Thursday, 25 October 2012

Peter Gabriel's "So" turns 25.

Peter Gabriel - So

Coming up shortly is the re-release of one of many landmark albums of the 1980s, the fifth album from Peter Gabriel - "So".

Most people older than me will cite "Solisbury Hill" as the song that they instantly think of when they think Peter Gabriel, if they don't think of something from his time in Genesis. The radio always bashes out "Shock The Monkey" and "Games Without Frontiers". For me, "So" was my first introduction to the man and his music and it remains a powerful statement of intent.

This is an album that was at the vaguard of its time in terms of its use of technology. Peter was never one to shy away from new innovations. (He even used a novel invention on this album for the first time in his solo career: an album title!)

The album is at once a product of it's time, and yet it sounds timeless. Sure it possesses some of the hallmarks of the production techniques of the time, such as huge gated-reverb drum sounds and swathes of synth-washes, but they are tastefully applied by producer Daniel Lanois. Tasteful inasmuch as they don't overpower the strength of the songs...

...and what songs they are. I first heard this album when it came out, around age 9 or so (now I'm showing my age!) and it was as powerful to me then as it is now. The record kicks off with "Red Rain" which is as impassioned as any song he ever wrote. Far from being a straight pop song, its layers continue to reveal themselves the more you listen to it. It's a kaleidoscopic view of the artist's soul.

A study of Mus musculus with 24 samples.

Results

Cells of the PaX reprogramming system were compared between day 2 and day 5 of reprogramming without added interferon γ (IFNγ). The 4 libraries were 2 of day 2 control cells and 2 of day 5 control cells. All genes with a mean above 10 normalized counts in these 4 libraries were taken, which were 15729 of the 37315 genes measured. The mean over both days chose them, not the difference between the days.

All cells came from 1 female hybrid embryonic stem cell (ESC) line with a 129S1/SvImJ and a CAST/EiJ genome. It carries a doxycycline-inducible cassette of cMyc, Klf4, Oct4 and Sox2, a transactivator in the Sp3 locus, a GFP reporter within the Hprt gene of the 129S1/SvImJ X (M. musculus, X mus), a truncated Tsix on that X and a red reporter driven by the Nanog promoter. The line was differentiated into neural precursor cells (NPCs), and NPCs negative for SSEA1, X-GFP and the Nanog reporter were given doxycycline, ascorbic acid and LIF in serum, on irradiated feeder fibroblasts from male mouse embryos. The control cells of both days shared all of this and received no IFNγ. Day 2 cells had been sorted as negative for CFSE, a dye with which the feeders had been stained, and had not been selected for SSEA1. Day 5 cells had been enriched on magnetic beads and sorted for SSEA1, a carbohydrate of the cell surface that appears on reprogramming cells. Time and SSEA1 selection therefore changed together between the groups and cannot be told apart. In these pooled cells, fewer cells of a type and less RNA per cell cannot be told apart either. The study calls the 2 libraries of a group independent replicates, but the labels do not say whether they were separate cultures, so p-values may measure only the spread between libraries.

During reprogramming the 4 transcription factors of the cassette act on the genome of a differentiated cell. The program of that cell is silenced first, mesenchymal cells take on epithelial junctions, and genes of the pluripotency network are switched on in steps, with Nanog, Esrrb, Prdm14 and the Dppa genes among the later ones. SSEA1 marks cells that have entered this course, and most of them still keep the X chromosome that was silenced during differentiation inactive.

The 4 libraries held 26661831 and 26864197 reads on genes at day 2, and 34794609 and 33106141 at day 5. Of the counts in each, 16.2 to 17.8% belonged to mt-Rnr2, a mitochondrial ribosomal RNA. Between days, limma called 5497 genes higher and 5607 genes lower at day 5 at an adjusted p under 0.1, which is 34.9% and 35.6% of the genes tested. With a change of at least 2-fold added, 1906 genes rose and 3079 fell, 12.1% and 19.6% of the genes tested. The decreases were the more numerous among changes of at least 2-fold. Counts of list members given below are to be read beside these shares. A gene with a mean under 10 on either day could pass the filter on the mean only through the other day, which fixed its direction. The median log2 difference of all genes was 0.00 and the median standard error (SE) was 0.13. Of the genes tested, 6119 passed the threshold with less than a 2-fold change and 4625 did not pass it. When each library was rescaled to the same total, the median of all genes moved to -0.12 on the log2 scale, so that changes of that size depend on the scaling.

We then take side-trips through neo-soul and funk ("Sledgehammer", "Big Time"), balladry ("Don't Give Up", "Mercy Street"), charging rockers ("That Voice Again"), world music ("In Your Eyes"), and arty-wierdness ("This is the Picture (Excellent Birds)") all across the album's 9 tracks, although only 8 if you own the vinyl. The Laurie Anderson collaboration "Excellent Birds" has been dropped off on the LP, which is a shame, as it is a real highlight. It is a quirky experiment, but it is compelling to listen to.

Like some of the bigger albums of the day, it could have used a little judicious editing ("Don't Give Up" could use that extended ending being lopped off) but that's nothing major. Hell, even Mark Knopfler would have trimmed down most of the tracks on "Brothers In Arms" to remove the superfluous playouts!

Still, it is a record that is at once mature but with moments of child-like fun; intellectual, but never to the point of being exclusive; clever but not smart-arsed.

Here then is the album for you to check out, on Spotify. The reissue should be out next week. Enjoy.